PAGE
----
Noble in defeat, D-backs make huge strides
Leaping from worst to first, Arizona primed for future success
MILWAUKEE -- The postseason ended in disappointment for the Arizona Diamondbacks, but their overall performance in 2011 added up to a major success.
The D-backs lost to the Milwaukee Brewers, 3-2, in 10 innings Friday night in Game 5 of their National League Division Series. It was a dramatic, well-played contest -- a classic postseason baseball game.
"I'm not happy to be on this end of it," D-backs manager Kirk Gibson said. "Yet I'm proud of my team, and they played true to the way they played all year. I think it was a good, classic baseball game."
The D-backs demonstrated their abilities in this series, even in defeat. They have a stable rotation -- led by a 21-game winner, Ian Kennedy. They have a deep and reliable bullpen -- anchored by a veteran closer, J.J. Putz. Their lineup has power and speed and depth. The power was particularly apparent in this NLDS, in which the D-backs hit 10 home runs, leading all eight postseason teams in that category.
No matter what happened in this NLDS, this has been a season of dramatic improvement that added up to a transformation for Arizona.
The D-backs made their point about not only their talent, but their character. Two games down to the Brewers, Arizona responded with two victories, forcing a decisive Game 5.
If the end was disappointing for this club, the distance it traveled this season was somewhere between astounding and amazing.
Worst to first describes it, but doesn't quite say enough. The D-backs lost 97 games in 2010, putting up the second worst record in the league. This season, they went 94-68, winning the NL West by eight games. They made tangible strides. They also were markedly improved in intangible areas.
What this club needed was an injection of belief in itself. Starter Joe Saunders, who came over in a trade from the Angels in the middle of the 2010 season, said of the atmosphere: "When I came over, just the vibe in the locker room at the time was just poop, really."
But even as early as Spring Training, Gibson had a deep and abiding belief in his team. And he successfully passed that along.
"Why show up if you don't believe in yourselves?" Gibson said. "You lay out a vision, a philosophy of how you want to accomplish a certain goal, and then you believe that you can get everybody to pull together. We were able to do that."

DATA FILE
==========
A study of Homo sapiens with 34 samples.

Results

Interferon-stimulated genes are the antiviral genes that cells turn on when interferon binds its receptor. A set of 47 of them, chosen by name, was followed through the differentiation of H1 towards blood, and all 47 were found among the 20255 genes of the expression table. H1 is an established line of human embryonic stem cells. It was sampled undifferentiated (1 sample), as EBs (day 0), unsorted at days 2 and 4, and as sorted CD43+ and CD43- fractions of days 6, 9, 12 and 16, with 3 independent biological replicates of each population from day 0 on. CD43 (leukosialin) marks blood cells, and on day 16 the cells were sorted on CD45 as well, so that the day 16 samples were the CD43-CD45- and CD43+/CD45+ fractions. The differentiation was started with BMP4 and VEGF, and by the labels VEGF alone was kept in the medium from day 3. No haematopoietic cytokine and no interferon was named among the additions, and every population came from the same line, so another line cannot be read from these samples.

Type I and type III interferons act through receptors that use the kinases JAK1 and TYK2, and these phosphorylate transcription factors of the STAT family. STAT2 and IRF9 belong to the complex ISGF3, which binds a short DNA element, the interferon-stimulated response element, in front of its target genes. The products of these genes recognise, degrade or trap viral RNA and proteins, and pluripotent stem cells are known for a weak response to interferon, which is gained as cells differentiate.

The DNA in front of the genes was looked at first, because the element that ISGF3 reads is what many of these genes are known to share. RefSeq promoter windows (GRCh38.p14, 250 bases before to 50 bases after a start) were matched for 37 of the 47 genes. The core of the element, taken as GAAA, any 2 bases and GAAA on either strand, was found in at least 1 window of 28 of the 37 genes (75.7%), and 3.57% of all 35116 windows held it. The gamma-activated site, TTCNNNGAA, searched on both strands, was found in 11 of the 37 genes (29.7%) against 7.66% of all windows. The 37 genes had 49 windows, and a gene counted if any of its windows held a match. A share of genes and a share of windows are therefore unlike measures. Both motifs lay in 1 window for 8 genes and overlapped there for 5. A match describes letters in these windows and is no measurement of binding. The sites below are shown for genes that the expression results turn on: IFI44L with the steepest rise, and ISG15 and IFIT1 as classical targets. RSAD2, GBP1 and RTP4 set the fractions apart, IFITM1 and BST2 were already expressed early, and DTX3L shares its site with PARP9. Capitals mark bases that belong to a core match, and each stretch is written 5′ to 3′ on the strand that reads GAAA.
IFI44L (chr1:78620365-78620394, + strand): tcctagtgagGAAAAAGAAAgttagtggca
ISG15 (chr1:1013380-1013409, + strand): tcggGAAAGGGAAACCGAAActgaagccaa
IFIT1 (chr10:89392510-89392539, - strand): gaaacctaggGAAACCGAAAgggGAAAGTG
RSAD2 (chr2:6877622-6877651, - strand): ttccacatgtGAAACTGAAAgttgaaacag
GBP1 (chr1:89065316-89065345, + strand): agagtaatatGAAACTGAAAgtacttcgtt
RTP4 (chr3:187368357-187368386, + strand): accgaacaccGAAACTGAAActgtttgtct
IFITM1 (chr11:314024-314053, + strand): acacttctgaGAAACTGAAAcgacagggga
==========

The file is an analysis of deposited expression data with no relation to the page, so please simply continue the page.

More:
Not only the talent, but the character of this team became apparent. The D-backs led the Majors in come-from-behind victories, with 48. They made a lasting impression on the opposition.
After Game 5, center fielder Nyjer Morgan was one of several Brewers who sincerely praised the Arizona club.
"Hats off to the D-backs," Morgan said. "Their players in general, their coaching staff, they've got a heck of a team over there. Gibby has done a good job with that ballclub, with that young ballclub. And just hats off to those boys over there."
Gibson, while regretting the outcome of this series, was able to put the progress of his club into perspective.
"We've come a long way," the manager said. "We set goals in the beginning of the year; unfortunately, we didn't get all the way there. We talked about changing the culture and what does it mean to be a Diamondback.
"And I just told these guys that they should be proud, because they've set the stage and the standard for how we want to play, and they've done it all year."
Gibson's work should be rewarded with the NL Manager of the Year Award. Beyond that, there is little question that the 2011 D-backs have built a foundation for future success. The large strides that they took this season could be just the beginning of that success.
Mike Bauman is a national columnist for MLB.com. This story was not subject to the approval of Major League Baseball or its clubs.